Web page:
New Yorkers are rightfully proud of their state's many achievements and contributions. This synopsis is adapted from a brief history previously printed in the Legislative Manual.
After the year 1900:
During the nineteenth century, America became a haven for many of the oppressed people of Europe, and New York City became the "melting pot." The Statue of Liberty, with its famous inscription, "Give me your tired, your poor, your huddled masses yearning to breathe free," was the first symbol of America's mission. "Lady Liberty" was formally presented to the U.S. Minister to France, Levi Parsons on July 4, 1884 by Ferdinand Lesseps, representing the Franco-American Union. The cornerstone was laid in August 1884 and the Statue of Liberty arrived in June 1885, in 214 packing crates. President Grover Cleveland dedicated the Statue of Liberty on October 28, 1886, when the last rivet was put into place.
The international character of New York City, the principal port for overseas commerce, and later for transcontinental and international airways, has been further enhanced by becoming the home of the United Nations, capital of the free world. Here the people of all nations and races come to discuss and try to solve the world's problems in a free and democratic climate.
As one of the wealthiest states, New York made tremendous strides in industry and commerce. The New York Stock Exchange, founded in 1792, has become the center of world finance. Diversified and rich natural resources, together with unmatched facilities for transport, produced a phenomenal growth in manufacture and industry. Research and inventive genius have been extensive, especially in the field of electronics, power and the peaceful and productive use of atomic energy.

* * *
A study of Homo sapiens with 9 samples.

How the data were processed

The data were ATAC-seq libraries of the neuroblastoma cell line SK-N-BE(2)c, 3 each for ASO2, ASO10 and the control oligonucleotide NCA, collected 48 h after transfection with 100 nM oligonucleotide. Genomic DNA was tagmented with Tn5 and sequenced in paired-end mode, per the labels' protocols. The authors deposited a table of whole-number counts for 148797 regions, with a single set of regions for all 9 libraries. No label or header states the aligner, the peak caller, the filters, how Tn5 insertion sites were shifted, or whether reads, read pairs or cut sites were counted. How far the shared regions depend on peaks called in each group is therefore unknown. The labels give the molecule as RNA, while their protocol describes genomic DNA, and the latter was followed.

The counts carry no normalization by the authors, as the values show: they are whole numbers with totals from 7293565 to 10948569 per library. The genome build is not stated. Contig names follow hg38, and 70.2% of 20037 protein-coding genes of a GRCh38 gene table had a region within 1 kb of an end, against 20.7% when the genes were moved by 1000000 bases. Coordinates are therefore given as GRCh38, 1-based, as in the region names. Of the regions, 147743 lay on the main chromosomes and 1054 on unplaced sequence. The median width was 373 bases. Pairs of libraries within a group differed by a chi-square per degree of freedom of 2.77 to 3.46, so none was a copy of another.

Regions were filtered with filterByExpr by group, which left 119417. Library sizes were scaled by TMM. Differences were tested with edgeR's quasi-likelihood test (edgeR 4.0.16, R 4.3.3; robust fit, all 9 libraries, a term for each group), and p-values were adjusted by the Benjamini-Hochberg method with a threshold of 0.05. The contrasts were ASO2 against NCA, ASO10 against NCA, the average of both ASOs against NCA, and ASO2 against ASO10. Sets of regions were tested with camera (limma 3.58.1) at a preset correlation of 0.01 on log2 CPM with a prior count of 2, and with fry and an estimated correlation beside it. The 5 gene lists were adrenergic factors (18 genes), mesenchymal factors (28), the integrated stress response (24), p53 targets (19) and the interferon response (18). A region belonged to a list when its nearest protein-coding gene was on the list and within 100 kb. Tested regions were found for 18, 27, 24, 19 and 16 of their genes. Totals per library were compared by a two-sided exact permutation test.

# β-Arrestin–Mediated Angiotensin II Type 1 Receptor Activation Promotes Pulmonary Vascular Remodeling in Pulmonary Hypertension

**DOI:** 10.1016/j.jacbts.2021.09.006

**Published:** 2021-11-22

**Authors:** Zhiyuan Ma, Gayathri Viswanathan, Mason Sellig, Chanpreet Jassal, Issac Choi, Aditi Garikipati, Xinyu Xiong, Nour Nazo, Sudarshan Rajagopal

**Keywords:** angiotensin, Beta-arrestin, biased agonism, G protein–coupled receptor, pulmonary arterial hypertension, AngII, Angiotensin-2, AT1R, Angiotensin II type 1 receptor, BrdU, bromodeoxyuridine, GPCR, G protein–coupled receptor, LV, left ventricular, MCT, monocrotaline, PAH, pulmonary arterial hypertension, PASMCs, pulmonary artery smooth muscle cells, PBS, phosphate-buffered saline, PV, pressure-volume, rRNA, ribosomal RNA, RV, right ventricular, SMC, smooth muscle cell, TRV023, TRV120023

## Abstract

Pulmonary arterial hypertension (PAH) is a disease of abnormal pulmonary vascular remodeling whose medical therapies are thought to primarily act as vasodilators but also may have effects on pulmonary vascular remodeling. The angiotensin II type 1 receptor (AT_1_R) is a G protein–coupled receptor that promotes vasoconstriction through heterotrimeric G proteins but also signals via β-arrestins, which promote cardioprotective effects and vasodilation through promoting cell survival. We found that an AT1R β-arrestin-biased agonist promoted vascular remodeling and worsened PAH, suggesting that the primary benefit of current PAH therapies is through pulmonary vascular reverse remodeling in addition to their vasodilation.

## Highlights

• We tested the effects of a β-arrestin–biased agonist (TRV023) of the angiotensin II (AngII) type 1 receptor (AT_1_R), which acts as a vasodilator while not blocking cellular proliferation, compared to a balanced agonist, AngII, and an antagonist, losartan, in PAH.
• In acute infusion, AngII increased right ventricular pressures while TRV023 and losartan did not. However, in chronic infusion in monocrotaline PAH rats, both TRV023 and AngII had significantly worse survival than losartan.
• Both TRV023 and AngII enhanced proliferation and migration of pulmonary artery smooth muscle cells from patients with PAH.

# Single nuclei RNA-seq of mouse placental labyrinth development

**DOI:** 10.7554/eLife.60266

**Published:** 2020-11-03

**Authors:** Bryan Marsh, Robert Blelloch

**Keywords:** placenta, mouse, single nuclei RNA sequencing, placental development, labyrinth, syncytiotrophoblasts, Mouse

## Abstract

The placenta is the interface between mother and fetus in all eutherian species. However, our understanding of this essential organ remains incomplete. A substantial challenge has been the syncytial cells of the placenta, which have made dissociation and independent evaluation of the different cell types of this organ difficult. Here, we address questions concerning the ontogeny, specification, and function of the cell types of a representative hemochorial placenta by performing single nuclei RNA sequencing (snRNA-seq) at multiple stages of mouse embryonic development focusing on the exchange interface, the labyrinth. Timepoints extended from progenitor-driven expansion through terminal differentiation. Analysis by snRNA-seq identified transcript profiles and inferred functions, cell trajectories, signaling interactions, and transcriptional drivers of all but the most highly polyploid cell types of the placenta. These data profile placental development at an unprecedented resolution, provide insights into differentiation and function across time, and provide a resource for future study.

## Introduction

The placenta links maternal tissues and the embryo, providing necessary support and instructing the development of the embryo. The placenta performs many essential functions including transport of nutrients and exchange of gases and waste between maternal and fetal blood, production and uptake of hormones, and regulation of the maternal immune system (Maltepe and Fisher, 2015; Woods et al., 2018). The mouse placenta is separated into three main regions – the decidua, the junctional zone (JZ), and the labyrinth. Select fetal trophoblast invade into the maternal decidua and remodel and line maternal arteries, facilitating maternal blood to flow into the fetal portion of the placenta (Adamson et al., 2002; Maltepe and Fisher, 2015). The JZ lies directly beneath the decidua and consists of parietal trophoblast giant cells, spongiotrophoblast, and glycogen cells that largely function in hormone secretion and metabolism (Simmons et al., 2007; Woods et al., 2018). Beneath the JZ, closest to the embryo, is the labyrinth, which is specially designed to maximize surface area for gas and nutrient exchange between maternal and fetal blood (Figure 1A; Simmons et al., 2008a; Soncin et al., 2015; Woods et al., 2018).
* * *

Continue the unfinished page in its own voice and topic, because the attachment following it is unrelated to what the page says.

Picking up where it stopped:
New York City also became a leading national center for art, music and literature, as exemplified by the Metropolitan Museum of Art, the Metropolitan Opera Company, and large publishing houses.
The state has supplied more than its share of national leaders, beginning with Alexander Hamilton, the first secretary of the treasury; and John Jay, the first chief justice. Aaron Burr and George Clinton served as vice presidents. Martin Van Buren, Chester A. Arthur and Grover Cleveland went from New York politics to the presidency. In the 1900s, Theodore Roosevelt and Franklin D. Roosevelt achieved the presidency; and Nelson Rockefeller served as vice president. Governors Charles E. Hughes, Alfred E. Smith and Thomas E. Dewey all were candidates for the presidency.